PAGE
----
Sunday, July 12, 2009

Is there something wrong with a child speaking at a funeral?

I have never been to a funeral. Scratch that. I went to my Grandma’s funeral but I don’t remember being at the funeral. I remember the car ride back from the funeral. It was painful and I didn’t know how to deal with all the emotions I was feeling. I don’t know why I can’t remember the actual service. I was 14. I should be able to remember it, shouldn’t I? Did I block it out? Did I not pay attention? I don’t know.

Like all things Michael Jackson, there has been a giant media maelstrom over the fact that his daughter was allowed to speak at his funeral. Granted, this was not your typical funeral. There were 17,000+ people. There was media. There was celebrity. But that girl wanted to tell the world that she loved her dad. I don’t think there is anything wrong with that.

What do you think?

4 comments:

  1. On the one hand, I admire the practice of paying tribute to the deceased in public. And yet: There is an element of voyeurism attached to it that deeply troubles me. I've been to a lot of funerals and, during such eulogies, I always get the uncomfortable feeling that the crowd is judging the speaker--as though they're waiting (even hoping) for the person to burst into tears or make some public display of emotion, because said emotion "proves" to the crowd how much the deceased meant to the person. I think it's subconscious, that no one really intends to be that critical or actively judgemental. Yet I still hate it.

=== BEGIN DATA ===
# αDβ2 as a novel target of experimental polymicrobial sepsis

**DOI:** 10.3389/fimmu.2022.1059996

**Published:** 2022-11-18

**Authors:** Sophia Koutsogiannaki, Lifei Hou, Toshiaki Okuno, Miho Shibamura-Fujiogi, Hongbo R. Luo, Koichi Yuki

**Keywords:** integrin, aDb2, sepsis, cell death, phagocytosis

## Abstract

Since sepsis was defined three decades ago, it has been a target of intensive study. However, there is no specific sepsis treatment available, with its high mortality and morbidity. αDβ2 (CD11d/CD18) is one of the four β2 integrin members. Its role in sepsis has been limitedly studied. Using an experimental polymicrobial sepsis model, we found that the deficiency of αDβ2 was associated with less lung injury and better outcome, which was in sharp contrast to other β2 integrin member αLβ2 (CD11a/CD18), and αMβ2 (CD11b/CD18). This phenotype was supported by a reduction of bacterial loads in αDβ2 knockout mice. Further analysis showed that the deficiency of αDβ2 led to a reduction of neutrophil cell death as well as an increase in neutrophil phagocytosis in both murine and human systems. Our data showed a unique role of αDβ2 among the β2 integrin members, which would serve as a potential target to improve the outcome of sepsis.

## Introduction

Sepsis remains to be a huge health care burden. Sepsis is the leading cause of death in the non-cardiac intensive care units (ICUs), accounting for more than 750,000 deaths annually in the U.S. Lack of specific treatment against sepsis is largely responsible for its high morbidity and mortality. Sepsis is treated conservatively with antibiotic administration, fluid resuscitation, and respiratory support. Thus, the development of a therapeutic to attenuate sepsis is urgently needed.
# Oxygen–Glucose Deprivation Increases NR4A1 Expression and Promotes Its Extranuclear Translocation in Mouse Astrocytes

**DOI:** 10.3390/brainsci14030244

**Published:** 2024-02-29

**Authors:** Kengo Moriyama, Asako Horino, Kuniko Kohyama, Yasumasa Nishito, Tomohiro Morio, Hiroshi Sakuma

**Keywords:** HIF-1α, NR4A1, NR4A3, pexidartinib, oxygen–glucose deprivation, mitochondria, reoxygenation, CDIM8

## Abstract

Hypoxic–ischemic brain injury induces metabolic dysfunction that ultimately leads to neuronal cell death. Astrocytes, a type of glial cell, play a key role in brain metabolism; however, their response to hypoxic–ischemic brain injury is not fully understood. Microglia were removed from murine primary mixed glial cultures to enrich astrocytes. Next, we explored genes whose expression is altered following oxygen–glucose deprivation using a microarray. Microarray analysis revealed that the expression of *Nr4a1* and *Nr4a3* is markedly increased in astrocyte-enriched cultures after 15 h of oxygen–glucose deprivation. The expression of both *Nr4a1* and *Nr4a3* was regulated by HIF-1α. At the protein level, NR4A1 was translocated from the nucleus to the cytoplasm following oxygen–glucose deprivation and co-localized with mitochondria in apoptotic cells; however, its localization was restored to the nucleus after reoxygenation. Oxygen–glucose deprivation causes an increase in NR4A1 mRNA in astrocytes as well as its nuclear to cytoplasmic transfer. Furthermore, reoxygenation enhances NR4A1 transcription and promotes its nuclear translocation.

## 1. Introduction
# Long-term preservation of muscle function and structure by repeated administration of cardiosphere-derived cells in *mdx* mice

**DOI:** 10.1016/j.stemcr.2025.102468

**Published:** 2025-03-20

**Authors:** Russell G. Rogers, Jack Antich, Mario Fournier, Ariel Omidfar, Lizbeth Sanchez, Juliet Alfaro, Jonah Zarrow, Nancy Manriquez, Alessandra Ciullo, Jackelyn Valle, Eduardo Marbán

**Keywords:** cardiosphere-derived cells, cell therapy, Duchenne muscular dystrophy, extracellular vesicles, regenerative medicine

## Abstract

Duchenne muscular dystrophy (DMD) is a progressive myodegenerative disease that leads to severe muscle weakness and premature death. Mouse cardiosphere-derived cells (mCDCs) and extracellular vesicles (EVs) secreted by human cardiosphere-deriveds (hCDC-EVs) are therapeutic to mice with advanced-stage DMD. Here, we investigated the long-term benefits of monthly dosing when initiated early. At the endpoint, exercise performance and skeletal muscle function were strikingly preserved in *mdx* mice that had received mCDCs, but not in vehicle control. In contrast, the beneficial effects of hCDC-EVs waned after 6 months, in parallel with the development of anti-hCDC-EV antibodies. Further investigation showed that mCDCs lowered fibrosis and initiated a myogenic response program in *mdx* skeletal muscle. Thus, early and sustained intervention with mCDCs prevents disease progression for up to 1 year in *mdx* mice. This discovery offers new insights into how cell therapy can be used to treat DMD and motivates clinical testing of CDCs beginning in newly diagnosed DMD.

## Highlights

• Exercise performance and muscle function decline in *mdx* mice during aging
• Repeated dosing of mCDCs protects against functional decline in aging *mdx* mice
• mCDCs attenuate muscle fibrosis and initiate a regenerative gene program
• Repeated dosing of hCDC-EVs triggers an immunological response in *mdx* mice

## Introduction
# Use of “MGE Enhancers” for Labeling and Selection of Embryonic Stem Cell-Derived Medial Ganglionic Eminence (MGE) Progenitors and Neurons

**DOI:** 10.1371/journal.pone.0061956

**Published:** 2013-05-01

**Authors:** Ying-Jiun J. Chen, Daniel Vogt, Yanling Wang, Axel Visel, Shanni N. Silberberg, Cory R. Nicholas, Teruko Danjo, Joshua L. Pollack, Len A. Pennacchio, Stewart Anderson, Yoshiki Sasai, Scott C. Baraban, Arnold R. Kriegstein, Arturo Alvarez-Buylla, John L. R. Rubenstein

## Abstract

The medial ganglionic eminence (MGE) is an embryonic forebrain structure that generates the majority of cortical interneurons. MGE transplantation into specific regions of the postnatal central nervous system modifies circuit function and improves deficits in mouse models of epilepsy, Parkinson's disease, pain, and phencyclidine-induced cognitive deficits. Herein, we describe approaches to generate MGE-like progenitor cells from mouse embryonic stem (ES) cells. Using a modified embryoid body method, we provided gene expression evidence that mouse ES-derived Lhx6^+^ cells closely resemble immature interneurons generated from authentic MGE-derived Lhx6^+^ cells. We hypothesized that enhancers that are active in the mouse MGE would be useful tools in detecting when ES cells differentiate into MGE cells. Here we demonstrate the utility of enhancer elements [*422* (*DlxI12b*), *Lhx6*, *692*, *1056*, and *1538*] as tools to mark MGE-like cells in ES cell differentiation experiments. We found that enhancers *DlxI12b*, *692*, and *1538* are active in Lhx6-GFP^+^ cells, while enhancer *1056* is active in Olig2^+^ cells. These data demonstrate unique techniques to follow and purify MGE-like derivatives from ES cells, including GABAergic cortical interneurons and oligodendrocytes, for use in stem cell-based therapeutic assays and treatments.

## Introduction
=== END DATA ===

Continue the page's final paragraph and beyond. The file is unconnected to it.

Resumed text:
I have no problem with euologies in general, but they're simply not for me. I'm also a private person. So when my grandmother died, I said my good-byes to her in the only way I could, in a long, handwritten letter that I sealed in an envelope and placed in the coffin before they closed the lid. I wouldn't let anyone read it, least of all my mother; it was between me and my grandmother. On the way to the graveyard, someone in the limo commented to my mother how much my grandmother had loved me. And when I didn't say anything or burst into tears, one relative gave me the strangest look, as if to say: "What's wrong with you? Are you really that heartless?" Anyone who knows me well enough knows otherwise, but that's not for me to show or tell, and I resent the idea that I have to cry or make speeches in public to prove it. Therefore, I'll never give a eulogy or make a speech. But when people see me placing an envelope into the coffin, they should know that the words contained therein are my tribute, my way of saying, "I love you."

    I've been thinking a lot about death lately (Pamela laughs out loud) and I've wondered if I'd be able to get up at a funeral and speak. One, I hate to speak in public. Two, I am prone to becoming super emotional. I can keep it suppressed for awhile, but when it starts, I can't stop it. I would be the one to get up there and bawl like a baby.